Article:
PHOENIX -- The nation's high court will consider Monday a bid by business groups and politicians to void a key element of Arizona's system of public financing of elections.
Foes of the Citizens Clean Elections Act hope to undermine the 1998 voter-approved law that allows candidates for statewide and legislative office get cash if they agree not to take private donations.
Technically speaking, the challenge being heard by the U.S. Supreme Court is not to the law itself, which has withstood multiple challenges, including from the business organization itself. Instead, it deals only with a provision that increases the public funding if a privately financed foe spends more.
But a decision to eliminate that part of the law could make the whole system less attractive for candidates.
And if some legislators get their way, voters will get a chance next year to eliminate the system entirely: The House is poised to vote on a Senate-approved measure to constitutionally ban public funding of elections.
The 1998 law permits -- but does not require -- candidates to get public funds. The amount depends on the office sought.
For example, this year gubernatorial hopefuls were entitled to $707,447 for the primary. Those who survived got another $1,061,171 for the general election.
Various legal challenges to public financing, led by business interests who have helped fund campaigns, have been turned aside in the past
What is before the court is a provision that provides extra cash beyond that amount, on a dollar for dollar basis, to match the spending by privately funded opponents, up to three times the original allocation. The allowance covers more than direct spending by opponents. It also means more money if an outside group buys advertising or sends out mailings on behalf of a foe or against the publicly funded candidate.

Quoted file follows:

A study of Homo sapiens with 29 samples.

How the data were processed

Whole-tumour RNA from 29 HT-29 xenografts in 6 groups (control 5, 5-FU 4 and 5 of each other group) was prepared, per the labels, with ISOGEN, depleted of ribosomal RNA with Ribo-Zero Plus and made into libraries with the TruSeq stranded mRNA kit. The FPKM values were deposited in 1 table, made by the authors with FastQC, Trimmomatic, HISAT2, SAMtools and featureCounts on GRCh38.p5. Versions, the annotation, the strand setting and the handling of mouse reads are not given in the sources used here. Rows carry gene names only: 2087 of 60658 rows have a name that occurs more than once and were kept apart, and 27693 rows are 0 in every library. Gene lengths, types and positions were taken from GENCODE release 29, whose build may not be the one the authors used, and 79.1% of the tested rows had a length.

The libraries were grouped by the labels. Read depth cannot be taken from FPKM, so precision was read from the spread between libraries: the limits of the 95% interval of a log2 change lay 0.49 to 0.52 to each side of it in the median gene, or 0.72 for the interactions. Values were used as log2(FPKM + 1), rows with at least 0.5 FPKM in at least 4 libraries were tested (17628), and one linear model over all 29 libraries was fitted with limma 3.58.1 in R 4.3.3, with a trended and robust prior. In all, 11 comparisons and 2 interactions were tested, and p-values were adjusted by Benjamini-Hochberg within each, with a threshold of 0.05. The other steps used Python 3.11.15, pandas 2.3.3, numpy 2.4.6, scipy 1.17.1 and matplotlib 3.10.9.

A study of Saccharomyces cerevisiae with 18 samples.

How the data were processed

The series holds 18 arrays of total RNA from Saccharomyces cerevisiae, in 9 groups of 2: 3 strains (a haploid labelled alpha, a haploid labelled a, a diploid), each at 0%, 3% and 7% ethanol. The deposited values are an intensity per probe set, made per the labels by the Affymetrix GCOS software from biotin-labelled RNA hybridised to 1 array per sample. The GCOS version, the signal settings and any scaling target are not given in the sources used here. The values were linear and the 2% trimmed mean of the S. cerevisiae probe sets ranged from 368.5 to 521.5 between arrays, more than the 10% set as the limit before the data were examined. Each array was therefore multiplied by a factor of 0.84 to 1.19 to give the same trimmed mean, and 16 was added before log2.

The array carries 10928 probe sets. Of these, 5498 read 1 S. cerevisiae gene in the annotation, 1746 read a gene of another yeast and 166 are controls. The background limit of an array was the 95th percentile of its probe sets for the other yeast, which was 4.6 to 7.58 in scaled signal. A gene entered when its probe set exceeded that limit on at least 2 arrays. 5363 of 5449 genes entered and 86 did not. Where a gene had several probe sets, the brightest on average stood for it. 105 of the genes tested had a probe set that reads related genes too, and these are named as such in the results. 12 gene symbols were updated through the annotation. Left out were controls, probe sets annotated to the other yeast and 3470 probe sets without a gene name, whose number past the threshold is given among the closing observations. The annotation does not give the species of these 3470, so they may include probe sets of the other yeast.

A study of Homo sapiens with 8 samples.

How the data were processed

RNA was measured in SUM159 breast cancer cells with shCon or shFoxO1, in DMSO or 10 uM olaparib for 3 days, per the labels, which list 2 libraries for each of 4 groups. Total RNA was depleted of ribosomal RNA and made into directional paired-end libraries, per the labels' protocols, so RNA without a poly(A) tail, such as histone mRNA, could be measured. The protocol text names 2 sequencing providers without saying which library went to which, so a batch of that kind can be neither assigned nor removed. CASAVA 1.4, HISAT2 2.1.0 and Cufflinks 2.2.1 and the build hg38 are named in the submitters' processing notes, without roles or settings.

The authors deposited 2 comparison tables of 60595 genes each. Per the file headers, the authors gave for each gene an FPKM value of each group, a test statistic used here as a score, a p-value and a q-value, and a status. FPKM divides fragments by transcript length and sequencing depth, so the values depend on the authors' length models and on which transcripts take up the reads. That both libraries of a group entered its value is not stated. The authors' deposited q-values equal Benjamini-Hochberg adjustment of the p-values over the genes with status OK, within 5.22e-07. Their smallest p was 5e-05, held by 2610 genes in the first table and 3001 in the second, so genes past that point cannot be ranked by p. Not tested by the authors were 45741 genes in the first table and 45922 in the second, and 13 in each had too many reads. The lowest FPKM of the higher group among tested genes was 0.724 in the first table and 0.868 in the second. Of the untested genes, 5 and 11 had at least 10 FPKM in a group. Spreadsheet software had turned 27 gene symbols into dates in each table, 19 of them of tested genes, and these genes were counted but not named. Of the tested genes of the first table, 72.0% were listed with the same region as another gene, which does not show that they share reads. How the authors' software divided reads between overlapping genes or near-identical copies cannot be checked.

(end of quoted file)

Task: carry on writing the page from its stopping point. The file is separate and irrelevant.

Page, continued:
Last year, U.S. District Judge Roslyn Silver ruled the provision unconstitutional. Privately funded candidates argued -- and Silver agreed -- that their First Amendment rights are being violated because every dollar they raised and spent meant additional cash for their foes.
The 9th U.S. Circuit Court of Appeals overruled that decision. The judges said challengers did not prove that candidates or independent groups stopped spending for fear of helping those they wanted to defeat. That led to the request for the Supreme Court to intercede.
Todd Lang, executive director of the Citizens Clean Elections Commission, said he thinks the high court will side with maintaining the matching funds -- but only if they concentrate on his view of what the First Amendment does and does not mean.
"What the first amendment protects is freedom of speech, not freedom from rebuttal," he said. "What the plaintiffs are really complaining about is that somebody else gets to speak in addition to them.
But Lang conceded the signs of the court buying that theory are not good.
In an unusual move last year, the Supreme Court justices reinstated Silver's original injunction barring the matching dollars while they considered the case. That had an immediate impact in several races.
Incumbent Gov. Jan Brewer, for example, had to live within her allocation even though Republican primary challenger Buz Mills put close to $3.2 million of his own cash into the campaign before suspending his bid. Before the high court order, Brewer would have been entitled to more than $2.1 million, three times that $707,447 allotment.
It also meant Tom Horne got to spend more than $600,000 in the GOP primary for attorney general in defeating Andrew Thomas who, denied matching funds, got a total of only about $200,000.
That interim decision could indicate that the justices already have concluded the matching funds provision cannot withstand legal challenge.
If the high court strikes down the provision, candidates still will be able to seek public funds. But going that route could prove less attractive.
Lang said incumbents who have access to donations are likely to tap those rather than risk being outspent by a challenger.
Opponents of the funding scheme aren't waiting for that to happen.
The Senate, on a party-line vote, has approved a measure to ask voters to constitutionally ban public funding of elections. SCR 1025, which awaits action by the full House, would effectively overrule the original 1998 law.
Glenn Hamer, whose organization fought the original 1998 voter initiative, said he believes voters can be convinced now to repeal the original law. And he is using the budget deficit as his main weapon.
More than half the funds come from a 10 percent surcharge on civil, criminal and traffic fines. And most of the balance comes from a "check off" box on state income tax forms allowing residents to donate $5 of what they owe instead to public financing.
The commission is now collecting about $13 million a year. Hamer argues that the cash could be better spent elsewhere, specifically citing the cutbacks in the state's Medicaid program and the plans by the governor to slash state aid to universities by $170 million.